Category

Date

Saturday, August 3, 2019

Time

5:00 pm - 6:30 pm

Age

Adult

Works of Franklin Engel + Christopher Engel

July 25 – August 15, 2019

Reception: Saturday, August 3, 5-6:30 PM

From The Searcher series by Franklin Engel and Messengers series by Christopher Engel

There is a tradition of artist families to carry on the work of the ones that went before them.

The exhibit “Searchers + Messengers,” the work of Franklin Engel, father, and Christopher Engel, son, follows in this tradition. In this collection of work, both abstract and figurative images reveal a connection of both artists’ desires to understand the mystery and complexity of who we are, how we got here, and where we are going. Both artists gather their inspiration from similar muses – the difference is their interpretation.

In the “Searcher” series, Franklin Engel has conjured up abstract paintings on aged, wooden planes, collaging ceramic, wood, and stones with hidden texts, symbols, and gestures reminiscent of cave paintings and early astronomical drawings. Converging lines, triangles, and circles dominate the work over a sea of white, rust, and gold with blue burnt edges. Recollections and elements of the mind of a searcher have been recorded, and the viewer observes the never-ending journey of the mind and spirit. Franklin Engel explains, “we are constantly searching for symbols and images, past and present, to catch a glimpse of the universe that holds us all.”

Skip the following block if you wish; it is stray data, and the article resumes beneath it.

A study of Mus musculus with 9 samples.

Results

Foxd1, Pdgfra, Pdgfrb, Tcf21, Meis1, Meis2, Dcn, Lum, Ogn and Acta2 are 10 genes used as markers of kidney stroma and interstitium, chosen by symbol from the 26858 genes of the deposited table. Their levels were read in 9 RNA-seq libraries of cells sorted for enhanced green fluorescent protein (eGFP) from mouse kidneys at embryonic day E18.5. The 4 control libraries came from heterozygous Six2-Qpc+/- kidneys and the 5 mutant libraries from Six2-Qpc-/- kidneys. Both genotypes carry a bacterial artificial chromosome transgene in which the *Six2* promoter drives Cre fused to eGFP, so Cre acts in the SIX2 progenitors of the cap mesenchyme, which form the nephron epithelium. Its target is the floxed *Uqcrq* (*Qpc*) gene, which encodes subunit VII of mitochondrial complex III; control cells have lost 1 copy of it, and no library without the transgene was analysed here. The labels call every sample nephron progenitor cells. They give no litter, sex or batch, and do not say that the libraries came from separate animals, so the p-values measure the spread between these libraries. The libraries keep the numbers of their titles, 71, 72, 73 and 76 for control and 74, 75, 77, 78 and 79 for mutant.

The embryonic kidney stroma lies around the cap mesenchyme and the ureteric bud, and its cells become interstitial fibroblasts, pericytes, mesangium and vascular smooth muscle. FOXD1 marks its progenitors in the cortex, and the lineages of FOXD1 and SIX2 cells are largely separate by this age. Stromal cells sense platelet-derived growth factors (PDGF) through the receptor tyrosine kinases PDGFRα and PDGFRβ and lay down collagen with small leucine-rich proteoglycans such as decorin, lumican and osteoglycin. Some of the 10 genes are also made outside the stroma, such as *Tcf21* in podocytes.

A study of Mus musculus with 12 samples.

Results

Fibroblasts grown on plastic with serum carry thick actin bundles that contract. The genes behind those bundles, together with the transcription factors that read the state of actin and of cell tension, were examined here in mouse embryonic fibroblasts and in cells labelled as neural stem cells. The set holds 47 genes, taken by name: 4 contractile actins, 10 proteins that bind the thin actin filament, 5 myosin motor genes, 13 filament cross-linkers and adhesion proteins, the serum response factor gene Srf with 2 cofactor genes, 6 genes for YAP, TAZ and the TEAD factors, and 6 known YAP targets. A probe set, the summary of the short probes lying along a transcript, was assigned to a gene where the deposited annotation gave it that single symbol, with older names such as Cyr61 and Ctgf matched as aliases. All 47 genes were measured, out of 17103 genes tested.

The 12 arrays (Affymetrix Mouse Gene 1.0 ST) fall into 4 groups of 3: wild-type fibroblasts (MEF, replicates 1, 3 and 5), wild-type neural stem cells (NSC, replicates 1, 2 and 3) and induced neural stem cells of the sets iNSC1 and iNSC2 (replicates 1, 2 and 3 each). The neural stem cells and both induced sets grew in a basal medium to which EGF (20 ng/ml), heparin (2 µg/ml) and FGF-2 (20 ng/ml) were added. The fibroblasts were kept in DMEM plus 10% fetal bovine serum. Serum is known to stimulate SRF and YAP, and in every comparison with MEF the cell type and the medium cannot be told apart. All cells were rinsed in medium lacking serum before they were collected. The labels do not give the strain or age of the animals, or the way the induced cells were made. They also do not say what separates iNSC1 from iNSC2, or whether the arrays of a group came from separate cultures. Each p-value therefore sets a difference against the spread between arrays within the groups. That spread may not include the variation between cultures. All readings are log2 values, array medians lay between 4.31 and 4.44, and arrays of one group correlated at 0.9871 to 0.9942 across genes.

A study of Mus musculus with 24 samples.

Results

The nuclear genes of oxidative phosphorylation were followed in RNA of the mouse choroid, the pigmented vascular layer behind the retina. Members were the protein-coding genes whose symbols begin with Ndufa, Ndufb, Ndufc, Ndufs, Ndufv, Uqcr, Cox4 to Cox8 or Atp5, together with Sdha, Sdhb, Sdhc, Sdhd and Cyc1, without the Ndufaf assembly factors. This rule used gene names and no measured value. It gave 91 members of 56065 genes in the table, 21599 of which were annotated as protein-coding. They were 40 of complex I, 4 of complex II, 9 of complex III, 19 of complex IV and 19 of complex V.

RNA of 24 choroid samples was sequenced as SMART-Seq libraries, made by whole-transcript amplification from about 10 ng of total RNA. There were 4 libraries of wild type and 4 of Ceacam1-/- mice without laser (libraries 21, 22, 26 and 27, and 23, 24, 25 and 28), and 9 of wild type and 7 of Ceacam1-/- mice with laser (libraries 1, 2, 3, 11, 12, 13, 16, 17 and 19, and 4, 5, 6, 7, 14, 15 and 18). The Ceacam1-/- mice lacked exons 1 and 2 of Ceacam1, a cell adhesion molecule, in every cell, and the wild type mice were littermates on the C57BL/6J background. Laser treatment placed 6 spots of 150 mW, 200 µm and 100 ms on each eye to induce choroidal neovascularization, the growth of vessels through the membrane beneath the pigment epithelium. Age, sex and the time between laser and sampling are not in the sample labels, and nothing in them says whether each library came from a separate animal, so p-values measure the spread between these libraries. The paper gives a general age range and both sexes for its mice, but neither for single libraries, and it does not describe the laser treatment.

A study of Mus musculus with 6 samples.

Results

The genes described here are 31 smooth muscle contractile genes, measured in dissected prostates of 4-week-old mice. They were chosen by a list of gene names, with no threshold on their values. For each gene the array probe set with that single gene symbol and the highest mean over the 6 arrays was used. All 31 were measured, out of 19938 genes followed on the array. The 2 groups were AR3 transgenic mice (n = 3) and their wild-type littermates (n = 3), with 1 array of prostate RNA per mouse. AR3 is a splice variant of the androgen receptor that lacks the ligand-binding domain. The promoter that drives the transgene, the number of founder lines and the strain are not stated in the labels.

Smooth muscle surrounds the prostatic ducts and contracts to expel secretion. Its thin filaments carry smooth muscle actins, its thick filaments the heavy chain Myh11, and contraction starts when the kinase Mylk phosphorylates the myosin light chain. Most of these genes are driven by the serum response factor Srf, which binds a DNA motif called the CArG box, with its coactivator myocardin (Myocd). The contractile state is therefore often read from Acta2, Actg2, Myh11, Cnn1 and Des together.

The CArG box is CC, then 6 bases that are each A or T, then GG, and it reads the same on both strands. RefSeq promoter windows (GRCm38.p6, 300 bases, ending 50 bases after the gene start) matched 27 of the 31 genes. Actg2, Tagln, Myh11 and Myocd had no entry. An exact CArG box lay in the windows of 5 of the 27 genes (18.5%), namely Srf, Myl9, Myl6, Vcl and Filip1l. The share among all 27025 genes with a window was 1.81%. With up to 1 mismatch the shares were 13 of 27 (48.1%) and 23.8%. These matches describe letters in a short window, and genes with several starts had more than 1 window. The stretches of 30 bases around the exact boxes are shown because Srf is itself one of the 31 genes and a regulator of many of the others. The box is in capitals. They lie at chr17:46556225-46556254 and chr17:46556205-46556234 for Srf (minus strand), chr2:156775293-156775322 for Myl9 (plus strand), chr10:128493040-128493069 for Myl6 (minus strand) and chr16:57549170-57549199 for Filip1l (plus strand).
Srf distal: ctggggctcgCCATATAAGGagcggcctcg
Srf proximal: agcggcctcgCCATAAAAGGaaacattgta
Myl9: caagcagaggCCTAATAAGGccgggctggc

The same spirits speak to Christopher Engel in his “Messengers” series, depicted by eternal figures surrounded by symbols, text, and collaged images. With a bold use of color and brushstrokes, Engel’s “messengers” take the shape of angels, prophets, monks, nuns, rabbis, shaman, teachers, spirits, and ancestors. These works are “portraits” of those who, “summoned or not,” as Carl G. Jung has stated, “are present.” Christopher Engel explains, “these figures appear in every culture in different forms, with the same message – we are only passing through this life momentarily yet we are each part of something that never ends. We are not alone, we are part of the universe.”

Both Engels, father and son, are speaking similar “languages” in their work. Their language of images is the speech of the unconscious – the “collective unconscious” – where, perhaps, the searcher meets the messenger.